Monday - 9/1/2014, 4:59am  ET

Here's a look at some of the day's top stories from WTOP:

Labor Day brings changes to the daily routine

All government offices are closed for the holiday, and there are a lot of changes on the roads this Labor Day as well -- check out what you can and can't do today.

Ferguson police start wearing body cameras

Police in the St. Louis suburb where a white officer shot and killed an unarmed 18-year-old have started wearing body cameras.

Ferguson Police Chief Tom Jackson told The St. Louis Post-Dispatch that officers had the devices on during a protest march Saturday. The march marked the Aug. 9 shooting death of Michael Brown by Ferguson officer Darren Wilson.

49er Ray McDonald accused of domestic violence

Just a few days after NFL commissioner Roger Goodell announced tougher penalties for players accused of domestic violence, San Francisco 49er defensive lineman Ray McDonald was arrested and charged with felony domestic violence on Sunday.

US judge blocks enforcement of new La. abortion law

A federal judge has temporarily blocked Louisiana from enforcing its restrictive new abortion law. District Judge John deGravelles says the law can still take effect Monday, but he says officials cannot penalize the doctors and clinics that sued for breaking it until after a hearing.

The law requires doctors who perform abortions to have admitting privileges to a hospital within 30 miles of their clinics.

Revel starts shutdown Monday after just 2 years

The most spectacular and costly failure in Atlantic City's 36-year history of casino gambling begins to play out Monday when the $2.4 billion Revel Casino Hotel empties its hotel.

Its casino will close early Tuesday.

Revel is shutting down a little over two years after opening with high hopes of revitalizing Atlantic City's struggling gambling market.

Germany to help Kurd fighters

The German government is sending some top-flight military equipment to Iraq to help the Kurdish Peshmerga who are fighting Islamic State militants.

Three shipments will be made starting at the end of September. They'll include high-end rifles, tank-busting weapons and armored vehicles. On Sunday, the U.S. carried out two more airstrikes against IS militants.

What really happened to Tony Soprano?

It's been seven years since one of the hottest debates in the history of television began: What happened to Tony Soprano in the final scene of the modern classic "The Sopranos"? Was he killed? Or did something else happen?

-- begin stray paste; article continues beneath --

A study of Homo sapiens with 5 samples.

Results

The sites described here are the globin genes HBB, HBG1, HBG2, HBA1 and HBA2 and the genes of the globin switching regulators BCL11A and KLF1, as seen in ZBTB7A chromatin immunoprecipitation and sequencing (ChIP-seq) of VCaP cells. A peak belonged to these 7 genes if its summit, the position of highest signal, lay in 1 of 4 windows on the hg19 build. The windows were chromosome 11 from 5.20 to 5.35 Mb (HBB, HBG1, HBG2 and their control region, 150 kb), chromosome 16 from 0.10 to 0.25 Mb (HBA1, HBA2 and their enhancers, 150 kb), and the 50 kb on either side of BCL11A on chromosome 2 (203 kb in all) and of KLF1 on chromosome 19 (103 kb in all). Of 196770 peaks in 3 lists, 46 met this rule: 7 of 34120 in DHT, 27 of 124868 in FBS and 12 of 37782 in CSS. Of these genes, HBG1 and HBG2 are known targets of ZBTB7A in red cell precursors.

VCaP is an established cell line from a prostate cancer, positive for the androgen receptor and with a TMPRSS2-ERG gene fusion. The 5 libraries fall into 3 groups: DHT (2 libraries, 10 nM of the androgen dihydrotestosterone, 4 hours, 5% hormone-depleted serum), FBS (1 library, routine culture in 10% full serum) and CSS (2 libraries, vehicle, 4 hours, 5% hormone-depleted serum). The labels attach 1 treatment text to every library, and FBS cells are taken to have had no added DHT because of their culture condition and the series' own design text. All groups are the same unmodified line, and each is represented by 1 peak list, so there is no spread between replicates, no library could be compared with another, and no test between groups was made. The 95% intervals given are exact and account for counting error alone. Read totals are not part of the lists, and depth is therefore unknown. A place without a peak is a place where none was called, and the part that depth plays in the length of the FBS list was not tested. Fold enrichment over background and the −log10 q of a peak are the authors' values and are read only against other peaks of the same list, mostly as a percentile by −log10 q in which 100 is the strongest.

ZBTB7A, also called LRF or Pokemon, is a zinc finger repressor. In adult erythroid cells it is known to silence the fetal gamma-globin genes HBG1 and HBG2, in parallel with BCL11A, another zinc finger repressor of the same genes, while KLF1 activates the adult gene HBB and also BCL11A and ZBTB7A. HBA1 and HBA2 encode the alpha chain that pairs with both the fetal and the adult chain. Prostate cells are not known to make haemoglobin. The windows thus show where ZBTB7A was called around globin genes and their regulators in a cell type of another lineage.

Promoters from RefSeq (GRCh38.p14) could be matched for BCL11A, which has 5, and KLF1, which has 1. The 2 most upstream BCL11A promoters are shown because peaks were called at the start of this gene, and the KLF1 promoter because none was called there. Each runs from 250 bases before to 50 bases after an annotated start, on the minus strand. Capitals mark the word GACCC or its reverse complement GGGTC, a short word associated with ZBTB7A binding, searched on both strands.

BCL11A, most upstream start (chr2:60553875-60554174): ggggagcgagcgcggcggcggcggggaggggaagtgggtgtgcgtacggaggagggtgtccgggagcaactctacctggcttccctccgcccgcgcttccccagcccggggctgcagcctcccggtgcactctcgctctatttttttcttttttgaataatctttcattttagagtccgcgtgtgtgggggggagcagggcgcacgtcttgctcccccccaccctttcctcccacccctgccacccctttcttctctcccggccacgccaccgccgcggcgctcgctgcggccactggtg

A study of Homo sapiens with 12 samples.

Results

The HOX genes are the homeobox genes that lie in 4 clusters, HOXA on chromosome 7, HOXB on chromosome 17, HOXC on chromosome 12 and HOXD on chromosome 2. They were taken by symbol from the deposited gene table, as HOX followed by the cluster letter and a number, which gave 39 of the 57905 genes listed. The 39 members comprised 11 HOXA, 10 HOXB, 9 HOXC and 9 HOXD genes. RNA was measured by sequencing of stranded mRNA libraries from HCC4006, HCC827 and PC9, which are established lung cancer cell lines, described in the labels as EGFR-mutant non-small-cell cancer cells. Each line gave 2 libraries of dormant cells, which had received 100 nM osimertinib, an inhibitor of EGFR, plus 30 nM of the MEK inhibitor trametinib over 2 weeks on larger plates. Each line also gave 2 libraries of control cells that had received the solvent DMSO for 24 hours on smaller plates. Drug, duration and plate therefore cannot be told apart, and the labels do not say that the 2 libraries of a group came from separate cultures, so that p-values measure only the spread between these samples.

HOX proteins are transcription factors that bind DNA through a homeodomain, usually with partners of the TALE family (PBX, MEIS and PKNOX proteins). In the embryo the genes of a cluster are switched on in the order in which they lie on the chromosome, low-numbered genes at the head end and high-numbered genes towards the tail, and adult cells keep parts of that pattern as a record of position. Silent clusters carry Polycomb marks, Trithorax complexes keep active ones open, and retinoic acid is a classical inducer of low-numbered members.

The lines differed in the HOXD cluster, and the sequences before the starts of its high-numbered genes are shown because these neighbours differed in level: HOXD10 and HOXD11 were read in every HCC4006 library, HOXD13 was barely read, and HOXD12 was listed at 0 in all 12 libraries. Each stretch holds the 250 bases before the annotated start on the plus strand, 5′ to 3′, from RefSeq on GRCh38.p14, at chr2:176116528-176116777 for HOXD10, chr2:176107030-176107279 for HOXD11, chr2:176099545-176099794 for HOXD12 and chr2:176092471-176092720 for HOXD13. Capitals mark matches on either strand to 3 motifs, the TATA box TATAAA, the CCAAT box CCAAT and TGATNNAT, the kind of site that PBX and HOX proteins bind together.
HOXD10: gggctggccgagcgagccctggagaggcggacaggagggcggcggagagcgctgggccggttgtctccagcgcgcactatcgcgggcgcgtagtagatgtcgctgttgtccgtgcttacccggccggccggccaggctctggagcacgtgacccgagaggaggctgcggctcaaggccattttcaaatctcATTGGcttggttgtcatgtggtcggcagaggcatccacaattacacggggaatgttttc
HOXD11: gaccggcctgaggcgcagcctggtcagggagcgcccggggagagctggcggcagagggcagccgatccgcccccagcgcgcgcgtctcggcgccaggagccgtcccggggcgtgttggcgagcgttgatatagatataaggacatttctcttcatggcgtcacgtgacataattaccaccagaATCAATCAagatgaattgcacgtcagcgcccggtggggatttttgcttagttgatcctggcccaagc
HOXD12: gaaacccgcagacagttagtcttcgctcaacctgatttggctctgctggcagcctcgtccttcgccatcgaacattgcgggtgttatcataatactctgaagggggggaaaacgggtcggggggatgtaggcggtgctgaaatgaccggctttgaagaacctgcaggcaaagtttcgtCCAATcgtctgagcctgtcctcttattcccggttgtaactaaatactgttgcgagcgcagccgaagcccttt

Series creator David Chase got the whole argument going again last week, when he divulged some important information about Soprano's fate. And on WTOP's Entertainment page, film critic Jason Fraley analyzes the whole sequence again, and has his own theories about what happened. See whether his take lines up with yours.

DC United states its case

DC United has picked a good year to have a good year, Noah Frank writes - they're in the middle of a worst-to-first season that coincides with soccer's quadrennial World Cup popularity boost and the team's push for their own home in the Buzzard Point area of the District. On WTOP's Sports page, Frank breaks down United's season, and talks with a player and the coach about what their comeback season could mean for soccer in D.C.

What happens to data from your wearables?

A fitness-band company announced last week that they could tell how far from the epicenter last week's Northern California earthquake was felt by studying the sleep data from their users.

Wait, what?

That kind of use of your information is probably not the kind of thing you thought you signed up for when you took the plunge into wearable tech, but that might be the deal. On WTOP's Tech page, Gregg Stebben, of Men's Health, explains what happens to your personal data, what could potentially happen to it, and what you can do to protect yourself.

Are we ready for RoboBee?

Colony Collapse Disorder - the sharp decline in the world's bee population - threatens a third of the global food supply. There are lots of ways to fight back, and one of them is a tiny robot that could be used to pollinate crops the way real bees do.

Behold the RoboBee. On WTOP's Living page, Rachel Nania explains how it works, what they could also be used for, and when you can expect to see them in a field near you.

The Associated Press contributed to this report. Follow @WTOP on Twitter and WTOP on Facebook.